10 Jobs That Don’t Exist Anymore

The daily grind, the nine-to-five, whatever nickname you have for it, there's a good chance that you've had a few jobs in your life. Technology has changed many careers throughout the years, and it's also made some job positions completely obsolete. Many recent occupations such as a travel agent and cashier are facing extinction as well. Here are a few jobs you just don't see anymore. Although some are recent, there are some that are just pretty hard to believe.

Telephone Operator

Way before computerized telephone dialing systems existed, in order to make a phone call you needed a switchboard operator. Some people you know may have held this job at one point, so there isn't really a need to go into detail about this one. The switchboard operator would simply connect calls by inserting phone plugs into corresponding appropriate jacks.

Gandy Dancer

Don't let the name fool you, there's no real dancing involved in this one. Gandy Dancer is a slang term used to describe early railroad workers. Before there were machines who had the capability to lay and maintain the railroad tracks, the work needed to be done by hand. It's unknown where the slang originates from, but many people suspect that it comes from "Gandy Shovel Company."



Before a man named Gottfried Schmidt invented the mechanical pinsetter in 1936, bowling alleys needed to employ pinsetters. It's exactly what it sounds like. A pinsetter would set the bowling pins back up after they were knocked down. At one point the position was called a "pinboy" since many pinsetters were teenage boys, given the nature of the job.

Soda Jerks

Soda Jerks were the servers who would make the ice cream sodas and soda water at the drugstores up until the 1960s. The name Soda Jerk was originally known as the Soda Clerk, and the name came from the motion the server would use to swing the soda handle back and forth while adding the soda water.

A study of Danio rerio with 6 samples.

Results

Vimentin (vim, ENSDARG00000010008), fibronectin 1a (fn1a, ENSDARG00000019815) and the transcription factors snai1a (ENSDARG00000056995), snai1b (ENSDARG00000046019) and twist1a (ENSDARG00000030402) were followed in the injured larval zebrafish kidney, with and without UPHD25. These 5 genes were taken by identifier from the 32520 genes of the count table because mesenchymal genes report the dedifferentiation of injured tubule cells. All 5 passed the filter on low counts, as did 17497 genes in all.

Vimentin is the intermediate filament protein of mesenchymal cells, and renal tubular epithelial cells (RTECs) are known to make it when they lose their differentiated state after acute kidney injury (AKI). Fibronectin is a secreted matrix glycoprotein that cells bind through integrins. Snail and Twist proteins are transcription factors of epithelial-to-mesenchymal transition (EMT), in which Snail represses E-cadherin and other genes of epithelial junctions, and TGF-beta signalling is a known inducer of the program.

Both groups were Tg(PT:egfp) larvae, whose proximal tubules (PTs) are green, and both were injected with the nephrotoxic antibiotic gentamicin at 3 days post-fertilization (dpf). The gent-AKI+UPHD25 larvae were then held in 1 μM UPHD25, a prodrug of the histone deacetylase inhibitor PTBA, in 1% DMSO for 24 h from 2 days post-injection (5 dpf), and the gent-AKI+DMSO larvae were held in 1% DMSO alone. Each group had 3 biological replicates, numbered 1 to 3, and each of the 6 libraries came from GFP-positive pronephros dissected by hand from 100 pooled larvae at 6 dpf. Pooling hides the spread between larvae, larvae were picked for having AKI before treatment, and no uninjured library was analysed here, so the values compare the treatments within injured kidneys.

Radio Actors



Lamplighter

Obviously electricity changed many things, including the way we light our streets at night. Before bulbs, we kept our streets illuminated by using candle, oil, or gas. Because of this, these lights needed to be manually lit, hence the name lamplighter. Many of them used a giant pole to reach the light and would come back in the early hours of the morning to put it out.

Milkmen

So, technically this job might still exist, but definitely not in the way you remember it. When many of you were young, there was nothing better than waking up to a bottle of fresh milk waiting on your doorstep. The milkman was wearing that trademark uniform and was ready to deliver a day's fresh milk. Of course, there's still services that will deliver milk to your door, but it's probably not the same.



Before we had mechanical refrigerators, we had the icebox. In order to keep these said, Iceboxes cool, you needed ice (obviously). In the colder parts of the country, ice cutters would travel out onto the frozen bodies of water and cut out large blocks of ice to be used during the warmer months. While cutting ice was seen as a chore for many farmers, some of the operations were quite large, having a crew of several dozens of men and harvesting up to 1500 tons of ice a day.

Food Safety Testers

Before the FDA existed, people were basically just allowed to put whatever they wanted into food products. In order to determine if said food was safe, it had to be tested. This is where the food safety testers would step in. We wonder what would happen if the food WASN'T safe? Do they just get sick and leave it at that? How did that work?

Log Driver

During the early days of the logging industry, the cheapest and most efficient way to transport the logs from the forest to the sawmill was through log driving. Log driving was the process of binding many logs together, sometimes attaching them to a raft, and then floating them down a river or a body of water to their intended destination. A log driver was the pilot of this makeshift log boat; and these boats could get extremely big.